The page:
The Dane's comeback will begin in earnest at the hard-court events in Montreal and Cincinnati.
Published Aug 03, 2023
FLASHBACK: Watch as Caroline Wozniacki reacts to her teenage self.
Caroline Wozniacki turned pro in 2005, climbed all the way to the top of the WTA rankings, claimed a major title along the way, and retired three years ago, citing injuries, illness, and her desire to start a family.
Nearly two decades later, the Dane, now a mother of two, is back. The former world No. 1 announced her return to tennis in an essay in Vogue magazine in June, and has accepted wild cards to events in Montreal and Cincinnati before also competing at the year's final Grand Slam, where she's reached the final twice.
If Wozniacki is going to make a deep run at these events in her second chapter on the WTA tour, her game needs to be at the highest level it’s ever been. She’ll need to dust off the racquet bag, regrip her Babolat, and get cracking on those high backhands.
And the Dane's two-handed backhand, where her left-hand is dominant, is Grand Slam-winning material. In 2018, the year that Wozniacki took home the Australian Open title, she only made 3.9% of her unforced errors from her backhand, while a third of the tournament averaged more than 10%.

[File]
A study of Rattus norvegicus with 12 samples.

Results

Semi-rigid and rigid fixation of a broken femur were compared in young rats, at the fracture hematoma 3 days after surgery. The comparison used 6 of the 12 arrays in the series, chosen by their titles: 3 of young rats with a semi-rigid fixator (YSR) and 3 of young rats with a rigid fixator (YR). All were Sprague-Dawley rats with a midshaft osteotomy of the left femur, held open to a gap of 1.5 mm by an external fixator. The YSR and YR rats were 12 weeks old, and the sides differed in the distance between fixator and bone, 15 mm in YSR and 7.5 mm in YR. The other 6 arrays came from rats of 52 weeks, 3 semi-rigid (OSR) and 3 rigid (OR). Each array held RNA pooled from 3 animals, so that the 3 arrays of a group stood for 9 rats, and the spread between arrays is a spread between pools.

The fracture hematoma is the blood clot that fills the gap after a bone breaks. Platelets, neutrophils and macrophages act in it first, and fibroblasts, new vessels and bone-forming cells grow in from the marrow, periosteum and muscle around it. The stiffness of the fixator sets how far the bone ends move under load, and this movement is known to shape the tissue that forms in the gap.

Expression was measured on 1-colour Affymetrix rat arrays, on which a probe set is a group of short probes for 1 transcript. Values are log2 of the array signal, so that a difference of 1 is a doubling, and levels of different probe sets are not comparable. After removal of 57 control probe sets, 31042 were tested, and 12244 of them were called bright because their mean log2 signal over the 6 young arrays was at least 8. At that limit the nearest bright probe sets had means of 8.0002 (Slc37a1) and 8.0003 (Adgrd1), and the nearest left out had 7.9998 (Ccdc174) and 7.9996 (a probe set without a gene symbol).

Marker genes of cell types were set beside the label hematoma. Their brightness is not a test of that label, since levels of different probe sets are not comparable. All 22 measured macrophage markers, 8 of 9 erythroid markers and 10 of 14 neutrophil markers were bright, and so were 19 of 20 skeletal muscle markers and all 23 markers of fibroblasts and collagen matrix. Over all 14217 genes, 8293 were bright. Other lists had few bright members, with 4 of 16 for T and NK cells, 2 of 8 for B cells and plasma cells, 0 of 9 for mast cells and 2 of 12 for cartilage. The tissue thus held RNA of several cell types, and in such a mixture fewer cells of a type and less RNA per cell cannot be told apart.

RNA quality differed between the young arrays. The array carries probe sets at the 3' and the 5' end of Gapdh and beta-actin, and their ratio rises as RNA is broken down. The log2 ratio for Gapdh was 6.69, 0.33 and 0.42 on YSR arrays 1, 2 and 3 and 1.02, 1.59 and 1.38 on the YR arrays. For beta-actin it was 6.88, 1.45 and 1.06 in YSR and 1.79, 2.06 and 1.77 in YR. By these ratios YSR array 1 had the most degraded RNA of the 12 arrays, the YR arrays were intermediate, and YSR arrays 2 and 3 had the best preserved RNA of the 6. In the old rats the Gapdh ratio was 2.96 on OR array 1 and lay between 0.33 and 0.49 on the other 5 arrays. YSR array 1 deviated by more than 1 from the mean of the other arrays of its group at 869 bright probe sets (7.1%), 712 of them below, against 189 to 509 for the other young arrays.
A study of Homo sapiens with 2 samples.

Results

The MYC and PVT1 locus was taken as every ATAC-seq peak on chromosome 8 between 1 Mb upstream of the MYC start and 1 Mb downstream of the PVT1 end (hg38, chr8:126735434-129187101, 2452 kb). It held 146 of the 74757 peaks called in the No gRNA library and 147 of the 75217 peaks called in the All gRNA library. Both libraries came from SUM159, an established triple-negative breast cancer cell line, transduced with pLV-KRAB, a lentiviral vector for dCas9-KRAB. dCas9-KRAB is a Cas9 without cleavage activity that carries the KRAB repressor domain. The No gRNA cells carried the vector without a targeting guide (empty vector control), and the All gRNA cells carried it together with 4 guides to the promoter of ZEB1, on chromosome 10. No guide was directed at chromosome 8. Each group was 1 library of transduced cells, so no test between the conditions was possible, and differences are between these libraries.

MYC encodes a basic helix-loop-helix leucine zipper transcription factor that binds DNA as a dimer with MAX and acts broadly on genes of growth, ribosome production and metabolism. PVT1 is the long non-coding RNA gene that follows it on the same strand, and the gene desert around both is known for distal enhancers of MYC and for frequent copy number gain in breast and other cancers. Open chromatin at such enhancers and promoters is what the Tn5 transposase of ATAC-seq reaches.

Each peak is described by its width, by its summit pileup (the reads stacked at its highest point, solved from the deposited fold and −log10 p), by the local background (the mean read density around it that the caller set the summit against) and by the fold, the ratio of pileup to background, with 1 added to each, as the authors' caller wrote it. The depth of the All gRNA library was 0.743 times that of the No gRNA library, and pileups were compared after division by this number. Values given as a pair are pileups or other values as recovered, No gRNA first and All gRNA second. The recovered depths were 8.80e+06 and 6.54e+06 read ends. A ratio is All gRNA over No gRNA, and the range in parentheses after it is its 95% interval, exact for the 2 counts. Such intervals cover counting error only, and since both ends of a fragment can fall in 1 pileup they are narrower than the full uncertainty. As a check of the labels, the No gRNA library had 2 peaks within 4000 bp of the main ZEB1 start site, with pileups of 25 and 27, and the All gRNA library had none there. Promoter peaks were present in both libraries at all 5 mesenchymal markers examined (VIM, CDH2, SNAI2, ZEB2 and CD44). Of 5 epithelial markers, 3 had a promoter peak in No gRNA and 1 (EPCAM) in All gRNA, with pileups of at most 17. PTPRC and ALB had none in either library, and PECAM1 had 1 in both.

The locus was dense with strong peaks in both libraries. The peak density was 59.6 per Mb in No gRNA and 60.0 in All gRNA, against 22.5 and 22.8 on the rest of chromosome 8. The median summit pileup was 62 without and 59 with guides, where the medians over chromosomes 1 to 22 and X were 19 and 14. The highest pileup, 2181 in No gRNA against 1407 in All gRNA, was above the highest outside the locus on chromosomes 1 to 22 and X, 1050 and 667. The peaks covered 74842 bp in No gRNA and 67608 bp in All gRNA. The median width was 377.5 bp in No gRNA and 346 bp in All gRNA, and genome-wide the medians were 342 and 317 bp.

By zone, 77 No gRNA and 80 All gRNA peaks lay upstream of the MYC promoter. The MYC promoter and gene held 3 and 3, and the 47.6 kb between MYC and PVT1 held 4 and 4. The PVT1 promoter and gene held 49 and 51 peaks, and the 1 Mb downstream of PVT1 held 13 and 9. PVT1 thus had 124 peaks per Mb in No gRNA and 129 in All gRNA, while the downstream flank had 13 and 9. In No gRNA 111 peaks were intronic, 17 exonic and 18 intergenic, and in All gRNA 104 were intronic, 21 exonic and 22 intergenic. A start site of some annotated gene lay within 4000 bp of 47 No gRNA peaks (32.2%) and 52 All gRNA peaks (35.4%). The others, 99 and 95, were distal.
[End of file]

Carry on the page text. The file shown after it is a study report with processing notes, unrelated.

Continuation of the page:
Wozniacki’s backhand, upon first glance, is ordinary. Her right hand holds the racquet with a continental grip and her swing pattern follows the ideal motion to generate pace and maintain control.
Taking a closer look at the technique, it becomes clear that her left hand is steering the shot. Holding the racquet with a semi-western grip, her backhand becomes a second forehand.
Her left hand drives the shot while her right hand controls the racquet.
Most players view their forehand as offensive and backhand as defensive. They learn to run around the backhand to hit as many forehands as possible and adjust their serving position to make sure the first shot after the serve is, you guessed it, a forehand.
But when you have a backhand that is built on the foundation of a forehand, that tennis mentality is tossed aside.
With her left hand in a semi-western grip, Wozniacki treats the backhand with the same respect and mindset of a forehand, allowing her left hand to dictate the shot while her right hand guides it for accuracy.
This grip also makes it easier to generate topspin, and with her level of control, this means that her cross-court angles are ones to watch.
Tennis is not and never will be a forehand show. It’s built on groundstrokes—forehands and backhands—that will determine the foundation of a point and the nature of its outcome.
Preferring one over the other is normal; every player has reliable strengths in their arsenal and weapons of choice. But that doesn’t mean they can neglect everything else in hopes that the match will only need the strengths.
Truth is, as much as players have their strengths, they can’t predict if they will be of use in their matches. It’s best to treat every part of the game, every shot, with the same respect and train them well in order to be best prepared for any opponent.